After parting from her husband and 20-year old daughter in New Mexico, for nearly a month Sandy devoted 12-18 hours a day to caring for Chicago’s COVID patients—and she says she’s ready to go back if she’s needed. Sandy told DailyNurse about her background as a nephrology nurse and shared her reflections on the pandemic and her frontline experience.
DailyNurse: How long have you been a nephrology nurse, and how did you decide on this field?
Sandy Nichols: “I have been a nephrology nurse for eight and a half years and have worked in every form of renal replacement therapy available except for kidney transplantation. I first learned about nephrology nursing during my third semester of nursing school when I was one of two nursing students chosen to go for a week of clinicals in a chronic hemodialysis clinic. I hadn’t decided on the field of nursing I wanted to go into yet so I went in with an open mind. From that first day, I was fascinated by the mechanics of the dialysis machines, the concepts of renal replacement therapies, the dedication and involvement in the patients’ health, and the knowledge that I could be giving my patients life because of the care I was providing with every treatment.”
DN: What were your first thoughts about COVID—and what are your current views on the pandemic?
SN: “When I first heard about COVID-19, I thought, “Wow! That is going to spread quickly through China because of the sheer number of people living so close together there.” I could’ve never imagined what we’ve now seen here. This pandemic has impacted every human being in some way.
“I needed to do this. I felt like it was my calling because both our patients and my colleagues in those cities needed help.”
When Fresenius Kidney Care asked for nurses to volunteer in hospitals because of the rise in acute kidney injury caused by COVID-19, I just knew I needed to do this. I felt like it was my calling because both our patients and my colleagues in those cities needed help. Having seen the effects of this virus firsthand, and helping patients fighting it, the most important message I share with people is to take this seriously. Help us slow the spread of COVID-19 by social distancing, wearing masks, and washing your hands.”
DN: What prompted you to start working on the front lines?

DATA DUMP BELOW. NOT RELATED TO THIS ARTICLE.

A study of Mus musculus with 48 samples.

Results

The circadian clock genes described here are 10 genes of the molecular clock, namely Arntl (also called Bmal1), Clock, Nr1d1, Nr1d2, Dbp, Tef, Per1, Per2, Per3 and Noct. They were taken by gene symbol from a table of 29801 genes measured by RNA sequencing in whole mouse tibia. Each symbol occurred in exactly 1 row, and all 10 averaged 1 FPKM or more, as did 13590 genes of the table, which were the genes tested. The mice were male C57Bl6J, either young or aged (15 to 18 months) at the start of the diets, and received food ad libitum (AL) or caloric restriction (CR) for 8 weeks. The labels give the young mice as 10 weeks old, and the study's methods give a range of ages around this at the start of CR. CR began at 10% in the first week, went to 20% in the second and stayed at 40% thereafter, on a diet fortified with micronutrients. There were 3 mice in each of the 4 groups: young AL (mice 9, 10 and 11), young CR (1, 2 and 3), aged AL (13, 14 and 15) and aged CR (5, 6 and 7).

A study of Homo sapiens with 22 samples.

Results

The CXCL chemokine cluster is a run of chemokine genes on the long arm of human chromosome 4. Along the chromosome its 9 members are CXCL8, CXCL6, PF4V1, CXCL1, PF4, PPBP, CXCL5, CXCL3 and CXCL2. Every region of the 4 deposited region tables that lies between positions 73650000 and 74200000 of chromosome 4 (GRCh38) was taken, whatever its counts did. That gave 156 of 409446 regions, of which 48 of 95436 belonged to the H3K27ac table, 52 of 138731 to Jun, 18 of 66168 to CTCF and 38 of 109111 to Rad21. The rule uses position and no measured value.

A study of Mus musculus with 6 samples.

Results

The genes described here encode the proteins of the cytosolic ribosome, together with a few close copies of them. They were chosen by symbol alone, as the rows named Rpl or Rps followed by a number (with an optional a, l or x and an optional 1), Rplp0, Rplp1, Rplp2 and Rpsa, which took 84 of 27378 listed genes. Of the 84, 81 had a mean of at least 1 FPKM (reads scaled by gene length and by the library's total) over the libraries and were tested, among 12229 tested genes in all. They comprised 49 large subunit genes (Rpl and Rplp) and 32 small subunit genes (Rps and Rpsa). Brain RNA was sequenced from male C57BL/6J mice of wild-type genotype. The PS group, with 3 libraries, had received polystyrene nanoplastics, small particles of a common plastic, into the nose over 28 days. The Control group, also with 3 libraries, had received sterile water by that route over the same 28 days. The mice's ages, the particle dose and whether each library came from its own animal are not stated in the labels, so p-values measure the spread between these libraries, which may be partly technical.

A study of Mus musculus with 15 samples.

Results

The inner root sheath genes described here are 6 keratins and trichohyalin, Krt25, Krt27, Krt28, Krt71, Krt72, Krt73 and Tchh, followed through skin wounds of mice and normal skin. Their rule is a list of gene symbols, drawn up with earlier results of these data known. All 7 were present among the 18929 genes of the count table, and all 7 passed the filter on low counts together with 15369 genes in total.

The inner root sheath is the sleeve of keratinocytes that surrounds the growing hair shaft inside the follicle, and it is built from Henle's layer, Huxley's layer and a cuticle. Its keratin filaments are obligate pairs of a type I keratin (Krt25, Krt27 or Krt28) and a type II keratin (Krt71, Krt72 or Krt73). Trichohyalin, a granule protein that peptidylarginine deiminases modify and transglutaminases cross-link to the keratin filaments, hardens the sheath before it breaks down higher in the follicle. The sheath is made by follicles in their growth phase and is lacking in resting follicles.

SN: “When I started to hear about all of the different places being hit so hard by COVID-19 and the nursing shortages, I knew I wanted to help in some way. I always had the desire to volunteer when natural disasters would happen but I was never in a position to do so, until now. As soon as Fresenius put out the call for volunteers, I signed up. I knew that I was drawn into nursing to help people and I couldn’t think of a better way to do that then to go and give my fellow nurses support when they so desperately needed it.”
DN: What were the most striking aspects of your experience?
SN: “Going into Chicago, which was known as a hot zone at the time, I was anticipating staffing and supply shortages, long grueling hours, and constant chaos. What was most striking in my time there was the camaraderie that I witnessed and felt every day. The staff was exhausted and overwhelmed working 18 to 24-hour shifts to maintain patient care, but they were all so supportive and helpful of each other. It was so obvious that they were all bound together as one big family. They welcomed me in as one of their own and even invited me to one of their rare potlucks.”
“The staff was exhausted and overwhelmed working 18 to 24-hour shifts to maintain patient care, but they were all so supportive and helpful of each other.”
“I got to see success stories of patients with COVID-19 who survived being on a ventilator and walk out of the hospital. They would announce a “Code Joy” over the intercom and everyone would stop and cheer. I also saw devastating outcomes that broke my heart. Going through those experiences, which I will never forget, gave me a whole new perspective and I truly believe it made me a better person and a better nurse.”
DN: What are you doing now?
SN: “I am currently working in an acute setting at Fresenius Kidney Care in Albuquerque, NM. The camaraderie that I experienced in Chicago has followed me back to Albuquerque because my coworkers are closer to me than ever before. We are there together, going through the same thing, every workday. I am so thankful for my career and the knowledge I continue to gain every day. I wouldn’t be the nurse I am today without the support of my work family and my home family as well as my community in New Mexico and my company, Fresenius Kidney Care.”